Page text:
Violins aren't supposed to go out unaccompanied.
They're basically single-line instruments, except when J.S. Bach devised ways for the instrument to sketch great musical edifices by means of ingenuity and suggestion. But in two concerts over three days, solo violin music by Eugene Ysaÿe and Fritz Kreisler (presented by Astral Artists) and Mark O'Connor (presented at the Curtis Institute of Music) arrived without provoking unflattering comparisons to Bach. Nor did you long for the dueña-like presence of the piano.
O'Connor's name in this lineup shouldn't be a surprise - though for some people, it was. The violinist/composer of Yo-Yo Ma's best-selling
album is nearly as well known in classical circles as in the country/bluegrass world he comes from. His long-standing pedagogical streak is being accessed by the Curtis Institute in a series of master classes preceded by Tuesday's recital, from which dozens were turned away.
O'Connor is in a period of renewed commitment to virtuosic violin playing, returning to his
Caprices Nos. 1-6
, written in the early 1990s when he was a session musician in Nashville. Like George Gershwin's and Astor Piazzolla's, O'Connor performances are more about reporting musical ideas than interpreting content. The piece comes before the performer - not what you'd expect when the music itself exists to show off performers. Others might play it better but not with such clear intentions.
In effect, his concert was a convincing manifesto of his Euro-Americana fusion of violin playing. The solo violin forces any given musical idea into a starkly distilled form. Bach used plenty of dances in his solo violin sonatas; so did O'Connor, but American ones. As in Paganini's caprices, O'Connor employed miniature musical ideas repeated at great velocity and on all regions of the fingerboard - but with gestures and cadences that could come only from American folk tradition.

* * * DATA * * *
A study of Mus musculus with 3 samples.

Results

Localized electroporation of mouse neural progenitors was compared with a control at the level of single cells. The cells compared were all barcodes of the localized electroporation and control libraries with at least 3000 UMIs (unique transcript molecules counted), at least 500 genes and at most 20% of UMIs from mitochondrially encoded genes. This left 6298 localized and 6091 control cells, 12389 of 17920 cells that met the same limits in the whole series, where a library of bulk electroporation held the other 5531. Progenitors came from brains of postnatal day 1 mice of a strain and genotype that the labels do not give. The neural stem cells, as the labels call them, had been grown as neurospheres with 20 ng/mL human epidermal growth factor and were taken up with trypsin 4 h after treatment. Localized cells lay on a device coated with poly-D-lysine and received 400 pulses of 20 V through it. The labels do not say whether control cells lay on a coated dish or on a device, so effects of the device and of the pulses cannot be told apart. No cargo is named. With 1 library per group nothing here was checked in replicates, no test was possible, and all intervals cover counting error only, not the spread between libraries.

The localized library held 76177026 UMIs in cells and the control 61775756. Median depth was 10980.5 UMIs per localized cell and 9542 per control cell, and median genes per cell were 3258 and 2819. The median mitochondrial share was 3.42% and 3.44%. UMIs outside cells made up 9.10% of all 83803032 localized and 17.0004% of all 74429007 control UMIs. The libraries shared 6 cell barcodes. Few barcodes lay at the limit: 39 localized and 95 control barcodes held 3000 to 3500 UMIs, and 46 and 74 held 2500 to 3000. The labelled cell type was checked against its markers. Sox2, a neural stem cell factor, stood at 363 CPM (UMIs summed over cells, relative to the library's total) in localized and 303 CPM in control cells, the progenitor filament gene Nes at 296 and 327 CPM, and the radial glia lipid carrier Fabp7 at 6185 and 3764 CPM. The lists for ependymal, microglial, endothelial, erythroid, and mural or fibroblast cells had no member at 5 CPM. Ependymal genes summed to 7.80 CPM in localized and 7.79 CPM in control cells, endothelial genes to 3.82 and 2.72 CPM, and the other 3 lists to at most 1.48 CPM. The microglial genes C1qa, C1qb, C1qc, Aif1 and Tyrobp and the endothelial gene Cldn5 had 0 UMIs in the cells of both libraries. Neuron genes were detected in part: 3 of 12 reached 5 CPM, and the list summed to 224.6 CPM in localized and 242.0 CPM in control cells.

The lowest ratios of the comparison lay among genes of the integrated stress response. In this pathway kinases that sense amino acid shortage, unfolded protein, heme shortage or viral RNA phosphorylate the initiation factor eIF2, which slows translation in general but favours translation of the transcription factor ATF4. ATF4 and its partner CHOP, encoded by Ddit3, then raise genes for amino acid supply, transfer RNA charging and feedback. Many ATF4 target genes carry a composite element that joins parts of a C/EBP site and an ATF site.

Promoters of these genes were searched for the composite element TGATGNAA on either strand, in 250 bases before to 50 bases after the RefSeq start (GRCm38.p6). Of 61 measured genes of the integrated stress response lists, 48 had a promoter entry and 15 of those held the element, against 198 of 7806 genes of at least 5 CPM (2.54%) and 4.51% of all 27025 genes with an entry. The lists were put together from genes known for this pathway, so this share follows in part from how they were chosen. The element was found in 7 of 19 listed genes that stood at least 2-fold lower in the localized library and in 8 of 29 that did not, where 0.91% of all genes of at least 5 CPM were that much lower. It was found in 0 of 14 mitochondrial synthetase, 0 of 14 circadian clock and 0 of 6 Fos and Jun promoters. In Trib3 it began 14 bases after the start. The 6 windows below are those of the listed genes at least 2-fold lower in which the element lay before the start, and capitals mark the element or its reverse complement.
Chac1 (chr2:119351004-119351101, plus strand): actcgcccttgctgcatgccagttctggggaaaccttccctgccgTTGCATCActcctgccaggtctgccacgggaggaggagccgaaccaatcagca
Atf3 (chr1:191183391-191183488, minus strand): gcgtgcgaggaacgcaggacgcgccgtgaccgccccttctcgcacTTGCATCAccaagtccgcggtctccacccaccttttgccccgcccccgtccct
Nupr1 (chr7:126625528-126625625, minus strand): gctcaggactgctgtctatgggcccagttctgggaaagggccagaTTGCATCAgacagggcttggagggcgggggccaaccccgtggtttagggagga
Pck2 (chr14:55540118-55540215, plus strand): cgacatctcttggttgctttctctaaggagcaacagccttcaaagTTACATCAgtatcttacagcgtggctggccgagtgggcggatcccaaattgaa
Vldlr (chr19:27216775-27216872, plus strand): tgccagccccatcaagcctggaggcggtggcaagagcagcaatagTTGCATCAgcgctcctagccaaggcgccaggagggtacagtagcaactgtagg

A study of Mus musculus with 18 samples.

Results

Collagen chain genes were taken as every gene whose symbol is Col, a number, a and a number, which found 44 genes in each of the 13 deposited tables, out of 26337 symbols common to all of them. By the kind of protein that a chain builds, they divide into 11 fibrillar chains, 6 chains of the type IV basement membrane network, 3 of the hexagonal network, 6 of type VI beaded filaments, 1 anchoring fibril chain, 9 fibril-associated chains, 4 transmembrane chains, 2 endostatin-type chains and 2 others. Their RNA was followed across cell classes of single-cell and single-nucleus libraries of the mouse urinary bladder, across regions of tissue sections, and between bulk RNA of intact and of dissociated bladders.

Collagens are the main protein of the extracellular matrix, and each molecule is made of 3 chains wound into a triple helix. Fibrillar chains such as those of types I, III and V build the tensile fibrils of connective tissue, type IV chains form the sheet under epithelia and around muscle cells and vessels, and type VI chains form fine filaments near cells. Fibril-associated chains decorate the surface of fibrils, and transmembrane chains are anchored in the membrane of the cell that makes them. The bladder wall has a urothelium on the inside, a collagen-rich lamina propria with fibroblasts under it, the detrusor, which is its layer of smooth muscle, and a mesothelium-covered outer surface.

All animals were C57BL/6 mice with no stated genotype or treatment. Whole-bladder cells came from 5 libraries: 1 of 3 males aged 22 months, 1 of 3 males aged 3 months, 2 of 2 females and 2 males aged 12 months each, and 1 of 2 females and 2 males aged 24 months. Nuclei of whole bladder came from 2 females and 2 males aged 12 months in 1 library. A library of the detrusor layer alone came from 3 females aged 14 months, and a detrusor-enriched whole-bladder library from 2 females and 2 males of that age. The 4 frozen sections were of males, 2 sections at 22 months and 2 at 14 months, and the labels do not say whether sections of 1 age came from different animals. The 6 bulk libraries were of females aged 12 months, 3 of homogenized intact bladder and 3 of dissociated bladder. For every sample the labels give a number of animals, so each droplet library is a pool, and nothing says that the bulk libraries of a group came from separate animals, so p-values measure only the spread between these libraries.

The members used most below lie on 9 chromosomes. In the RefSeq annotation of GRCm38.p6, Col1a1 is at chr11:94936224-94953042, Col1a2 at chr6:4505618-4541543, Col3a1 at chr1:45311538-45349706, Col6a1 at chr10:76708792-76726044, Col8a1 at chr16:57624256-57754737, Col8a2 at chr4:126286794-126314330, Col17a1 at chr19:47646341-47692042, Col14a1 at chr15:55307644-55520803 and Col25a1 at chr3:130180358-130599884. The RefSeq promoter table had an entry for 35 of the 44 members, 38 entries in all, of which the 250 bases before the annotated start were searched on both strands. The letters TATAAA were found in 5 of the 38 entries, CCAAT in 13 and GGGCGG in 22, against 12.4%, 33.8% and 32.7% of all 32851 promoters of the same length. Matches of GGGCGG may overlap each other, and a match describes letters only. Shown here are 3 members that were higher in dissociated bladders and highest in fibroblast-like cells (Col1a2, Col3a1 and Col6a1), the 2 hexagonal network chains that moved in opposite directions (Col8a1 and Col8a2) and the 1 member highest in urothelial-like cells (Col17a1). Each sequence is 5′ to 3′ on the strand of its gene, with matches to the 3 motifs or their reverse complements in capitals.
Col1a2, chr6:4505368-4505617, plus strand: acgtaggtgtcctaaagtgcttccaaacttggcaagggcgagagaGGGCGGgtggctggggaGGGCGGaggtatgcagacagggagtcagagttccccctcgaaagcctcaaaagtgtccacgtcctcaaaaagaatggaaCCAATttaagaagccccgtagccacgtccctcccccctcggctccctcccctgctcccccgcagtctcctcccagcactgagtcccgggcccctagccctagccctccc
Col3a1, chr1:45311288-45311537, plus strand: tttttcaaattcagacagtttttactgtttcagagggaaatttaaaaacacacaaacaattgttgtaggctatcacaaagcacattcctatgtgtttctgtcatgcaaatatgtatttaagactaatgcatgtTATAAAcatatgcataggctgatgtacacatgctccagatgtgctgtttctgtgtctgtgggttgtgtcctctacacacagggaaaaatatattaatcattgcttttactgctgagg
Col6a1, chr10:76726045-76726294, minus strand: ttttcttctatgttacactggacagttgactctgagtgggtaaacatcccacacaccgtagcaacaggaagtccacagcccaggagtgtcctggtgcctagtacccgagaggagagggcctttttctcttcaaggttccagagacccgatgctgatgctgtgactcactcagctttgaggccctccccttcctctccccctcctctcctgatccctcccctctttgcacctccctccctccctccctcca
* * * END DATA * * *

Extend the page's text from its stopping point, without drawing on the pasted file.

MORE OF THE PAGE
A graphically descriptive composer, O'Connor said his fantasy on the hymn "Amazing Grace" was partly inspired by a racially motivated police-brutality incident. That translated into a tiny "Amazing Grace" fragment repeated like a Philip Glass ostinato but at an anguished, frenetic speed.
The arrival of his greatest classical hit,
, in solo violin version showed what I've felt was missing in some other O'Connor works. Instead of imagining a lost American past, he expresses nostalgia for what it could have meant, which comes from a deeper place. Or maybe it seems that way because, unlike some O'Connor, the piece is uncluttered and doesn't sound as if it's fleeing.
The Astral concert on Sunday at the Trinity Center had four of the violinists on its roster alternating among Bach, Kreisler and Ysaÿe, those last pieces being a considerable revelation. Though known for flashy encore pieces, the Belgian violin virtuoso Ysaÿe (1858-1931) wrote his
Sonatas Nos. 1-4
in minor keys with a Mahlerian sense of soliloquy. The pieces are dense, wild and mercurial, more inclined to quote the "Dies Irae" than, in lighter moments, Bach. With such emotional traffic, the clean, vibrant performances of Ayano Ninomiya (who played No. 3) were most communicative.
The heaviest lifting came from Jennifer Curtis, who played Bach's
Partita No. 3, Sonata No. 3
Sonata No. 1
. She's an interesting musical thinker who wasn't having her best day, technically speaking. Larger purposes were obscured. Maybe Ysaÿe wouldn't have minded: He dedicated the piece to Joseph Szigeti, not the sturdiest player, but one of the smartest.